STEM Education: Delicious Results

Young Mason Partak, with help from his Mom, Kathy, are using technology in the form of GoFundMe to outfit the kitchen of his elementary school so that kids can learn to cook and students can have hot meals  to  fuel their brains and bodies.  What a great example of STEM education in action.

Mason Partak, a student at the AltaVista Community Charter School in Auburn, California, wants to share his love of cooking with his classmates. 

Here’s the challenge.  His school lacks a functioning kitchen.

Mason Partak learned his love of cooking in his Mom's kitchen. Now he is using social media to outfit the kitchen at his school so that his classmates can learn to cook too.

We hear a lot about the value of STEM (science, technology, engineering, and math) education these days. More than just memorization of facts and figures, the STEM movement focuses on practical applications in these core areas to engage and inspire students to pursue careers with purpose and to learn the skills they will need to achieve their goals.  When they do, we create a future workforce that helps keep our country globally competitive.

So, how does Mason’s project reflect the best of STEM learning?  Let’s take a look.

SCIENCE: Cooking is Chemistry and Biology Combined.  Cooking is essentially a series of chemical reactions and a kitchen becomes a lab where we can visibly see how plant cells change when we apply energy.  Try it yourself.  Briefly drop some asparagus in boiling water and then take it out.  The asparagus has turned bright green.   Drop it back in and let it cook too long and the green turns to a mushy grey.  A lesson in the kitchen can explain how the cells change and why it happens.  To learn more, check out this video from ScienceDaily.  

The “T” in STEM is Technology  Not an independent discipline, technology is the thread that ties STEM together.  From software that executes commands to deliver an answer to videos that demonstrate so that students can learn and apply lessons, the “T’ in STEM is the technlogy is that enables  us.  Any cook will tell you, technology helps us create and find answers.  Need one?  Google it.  What to learn the process for doing something, you will probably find it on YouTube.   Need to build a kitchen in your school?  Mason found GoFundMe.

Kitchens are the home of engineering marvels we use every day and take for granted. Try baking bread without a modern oven or mixing up a batch of chocolate chip cookies with a wooden spoon.  You can do it but who wants to?  For our young students, kitchens create learning labs where we can see and use products and learn how they work.  Simple lessons on how a stove gets hot or how the gears in a motor drive an electric mixer get reinforced every time they see Mom or Dad use one  in the kitchen at home.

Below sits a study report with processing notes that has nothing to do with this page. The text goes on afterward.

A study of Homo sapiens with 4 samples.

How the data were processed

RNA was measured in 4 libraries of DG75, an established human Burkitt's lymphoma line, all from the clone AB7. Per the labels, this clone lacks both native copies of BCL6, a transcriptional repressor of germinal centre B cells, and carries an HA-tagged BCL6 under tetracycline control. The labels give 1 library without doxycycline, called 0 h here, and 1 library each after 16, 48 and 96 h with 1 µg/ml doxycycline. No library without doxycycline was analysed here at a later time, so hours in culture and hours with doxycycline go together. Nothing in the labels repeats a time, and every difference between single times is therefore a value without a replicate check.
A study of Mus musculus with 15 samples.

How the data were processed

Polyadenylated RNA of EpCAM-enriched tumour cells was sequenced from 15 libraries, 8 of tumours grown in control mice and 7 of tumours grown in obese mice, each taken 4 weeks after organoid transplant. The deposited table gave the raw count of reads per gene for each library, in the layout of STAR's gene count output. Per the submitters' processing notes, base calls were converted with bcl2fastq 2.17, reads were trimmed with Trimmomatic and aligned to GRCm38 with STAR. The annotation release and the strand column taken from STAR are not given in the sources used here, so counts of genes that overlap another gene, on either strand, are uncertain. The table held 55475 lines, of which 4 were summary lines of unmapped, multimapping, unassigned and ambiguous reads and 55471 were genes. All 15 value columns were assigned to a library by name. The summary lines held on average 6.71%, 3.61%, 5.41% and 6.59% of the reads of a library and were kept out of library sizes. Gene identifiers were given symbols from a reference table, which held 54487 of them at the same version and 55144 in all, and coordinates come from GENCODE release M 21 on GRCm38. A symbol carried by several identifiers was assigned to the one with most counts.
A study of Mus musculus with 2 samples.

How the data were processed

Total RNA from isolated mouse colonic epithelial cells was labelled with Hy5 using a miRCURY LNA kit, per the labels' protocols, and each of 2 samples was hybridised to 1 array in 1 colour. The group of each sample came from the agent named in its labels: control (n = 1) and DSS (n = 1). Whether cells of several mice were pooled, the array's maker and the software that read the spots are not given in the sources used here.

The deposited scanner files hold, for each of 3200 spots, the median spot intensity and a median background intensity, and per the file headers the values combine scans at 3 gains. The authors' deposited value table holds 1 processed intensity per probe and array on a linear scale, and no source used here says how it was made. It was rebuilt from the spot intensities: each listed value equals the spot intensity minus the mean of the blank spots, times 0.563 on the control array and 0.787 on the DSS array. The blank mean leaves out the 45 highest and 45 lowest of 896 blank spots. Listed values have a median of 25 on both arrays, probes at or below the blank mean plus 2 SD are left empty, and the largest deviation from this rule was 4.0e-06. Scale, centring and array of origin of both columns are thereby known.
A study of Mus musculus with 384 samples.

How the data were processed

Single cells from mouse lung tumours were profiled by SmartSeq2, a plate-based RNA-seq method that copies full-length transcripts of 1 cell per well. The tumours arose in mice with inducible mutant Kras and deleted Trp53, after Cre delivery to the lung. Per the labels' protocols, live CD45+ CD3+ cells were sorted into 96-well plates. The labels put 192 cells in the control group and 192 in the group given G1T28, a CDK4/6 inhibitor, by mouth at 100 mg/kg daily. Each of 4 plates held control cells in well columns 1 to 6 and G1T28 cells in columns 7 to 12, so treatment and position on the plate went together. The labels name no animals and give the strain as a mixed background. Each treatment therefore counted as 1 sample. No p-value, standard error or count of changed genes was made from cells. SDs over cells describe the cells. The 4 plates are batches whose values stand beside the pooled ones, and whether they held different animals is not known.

The kitchen is a great place to apply math education.  From learning weights and measures to doing the calculations needed to expand a recipe that feeds a family of four  into a receipe that feeds a classroom of 24 or a cafeteria full of kids; the kitchen is filled with learning opportunities.  Too often we hear kids say “Why do I need to learn this?”  In  the kitchen lab we do not just tell them, we show them how math calculations affect what they do every day.

 Good for you Mason!  Learning to cook is a great life skill and also a way to build up your science, technology, engineering, and math skills.  It helps us get creative, and it is fun.  After all, how many school projects can you eat when you finish them.  Kudos Kiddo!

Want to Help Mason Reach His Goal?  Visit his page on GoFundMe.

Learn more about why STEM Matters:

Knowledge in science, technology, engineering, and math (STEM) can be the key to a successful future. Here’s why a STEM education matters and how you can inspire students to pursue STEM careers .  Infographic: The Value of a STEM Education from Edutopia.  

Joan Koerber-Walker  
Author’s note from Joan Koerber-Walker
 founder and chairman of CorePurpose

So often we see things on the Internet and wonder – is this for real?   I have the benefit of knowing this project is.  Kathy Partak, Mason’s Mom, and I had the pleasure of working together on the launch when CorePurpose published The Recipe: A fable  for leaders and teams by Amilya Antonetti back in 2010.  I’ve had the pleasure  of observing how Kathy teaches Mason by applying STEM in their “kitchen classroom” and the results have been delicious.